Not What But How

03 Jun

Your cover letter is the first piece of writing the editor will see.  Here is what to include:

1. What are you sending?

2. Who is your target audience?

3. Why are you submitting to that publishing company at this particular time?

4. Who are you?

There are lots of places online (Mary’s or Ellen’s comment for instance) and in books that help you with what to put in your cover letter. Instead, I want to talk about how to write a cover letter. Until recently, this was something I really struggled with.

5 drafts. That is how many different cover letters I wrote to one publisher. And even after five drafts, I still didn’t like one bit of what I’d written. Why? It sounded like a poor attempt at a high school essay. There was no sign of my writing style.  If I was a publisher and read my letter, I wouldn’t have wanted to look at the story. I didn’t make a very good first impression.

My first impression to my husband’s parents may not have been very good either, but at least it was memorable. My letter actually needed a little of that. It needed a zap. Here is how I found it:

  1. I let my character write my cover letter.

My middle grade character, Mabel, has the clearest voice of any of my characters. So, I let her write my cover letter.  I let her say what she would about me and my story. Mabel is also very honest, almost to a fault, so I couldn’t use all of what she “said,” but using her voice let the letter sound like my writing.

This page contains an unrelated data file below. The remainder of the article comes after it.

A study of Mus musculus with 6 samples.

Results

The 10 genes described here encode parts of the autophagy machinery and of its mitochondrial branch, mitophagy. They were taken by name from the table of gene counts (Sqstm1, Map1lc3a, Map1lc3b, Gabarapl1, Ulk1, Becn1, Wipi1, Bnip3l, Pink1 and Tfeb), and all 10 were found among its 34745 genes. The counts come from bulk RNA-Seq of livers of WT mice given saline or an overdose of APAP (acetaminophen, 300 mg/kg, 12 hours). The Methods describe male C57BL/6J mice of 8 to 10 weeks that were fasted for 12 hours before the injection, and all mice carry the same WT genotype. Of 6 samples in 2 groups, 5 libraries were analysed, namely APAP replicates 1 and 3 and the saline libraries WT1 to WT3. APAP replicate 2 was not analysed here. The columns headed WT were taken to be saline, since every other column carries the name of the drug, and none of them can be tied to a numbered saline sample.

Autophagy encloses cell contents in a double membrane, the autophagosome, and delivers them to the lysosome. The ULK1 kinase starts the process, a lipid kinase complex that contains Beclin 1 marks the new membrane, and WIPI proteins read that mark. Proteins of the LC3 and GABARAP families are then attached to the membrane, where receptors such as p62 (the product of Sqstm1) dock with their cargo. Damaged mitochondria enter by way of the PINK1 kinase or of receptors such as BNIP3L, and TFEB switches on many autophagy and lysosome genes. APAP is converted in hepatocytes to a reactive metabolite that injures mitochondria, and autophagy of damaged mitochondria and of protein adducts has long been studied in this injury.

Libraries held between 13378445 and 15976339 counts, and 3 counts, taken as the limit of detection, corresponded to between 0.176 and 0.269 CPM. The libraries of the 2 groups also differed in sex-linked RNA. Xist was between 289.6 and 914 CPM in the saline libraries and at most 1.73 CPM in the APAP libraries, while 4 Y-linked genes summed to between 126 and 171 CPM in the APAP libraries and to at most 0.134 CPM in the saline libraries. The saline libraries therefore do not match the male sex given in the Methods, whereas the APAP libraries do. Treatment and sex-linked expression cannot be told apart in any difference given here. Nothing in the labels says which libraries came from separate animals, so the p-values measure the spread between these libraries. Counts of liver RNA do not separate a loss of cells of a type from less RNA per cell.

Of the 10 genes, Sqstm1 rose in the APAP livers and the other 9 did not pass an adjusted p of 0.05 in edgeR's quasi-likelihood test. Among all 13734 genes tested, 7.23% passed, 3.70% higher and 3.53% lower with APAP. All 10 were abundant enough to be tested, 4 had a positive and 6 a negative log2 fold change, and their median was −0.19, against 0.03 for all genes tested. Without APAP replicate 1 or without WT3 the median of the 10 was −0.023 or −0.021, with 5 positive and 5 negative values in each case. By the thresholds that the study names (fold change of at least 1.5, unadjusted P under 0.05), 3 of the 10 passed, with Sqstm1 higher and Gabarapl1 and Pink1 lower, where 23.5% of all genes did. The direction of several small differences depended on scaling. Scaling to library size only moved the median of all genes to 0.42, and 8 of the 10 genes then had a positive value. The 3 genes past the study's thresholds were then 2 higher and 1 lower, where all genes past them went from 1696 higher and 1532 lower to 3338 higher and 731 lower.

1. I started a blog!

Writing this blog has given me practice using my “voice” (writing style) to write things other than fictional stories. That practice has greatly improved my cover letter.

  1. I wrote a “one minute pitch” of each story I was trying to submit.

When attending a conference or other writing event, it is recommended that authors have a short book pitch to share with editors. Writing this improved the meat of my cover letter.  Here are some resources for writing a book pitch:

  1. I cut about 60% of the length of the letter.

If my cover letter drones on and on, what is a publisher going to think about my story? I have to let my manuscript do most of the talking.

  1. I showed my cover letter to my critique group.

It was a forehead-slap moment when I finally got the idea to ask for a critique of my cover letter.  Why hadn’t I done it before? As always, the lovely ladies were honest and caring and helped me develop something I could be proud of.

 Writing a cover letter this way is no guarantee that I’ll get published. But, at least the outcome is a true representation of my writing.  Why would I want anything else?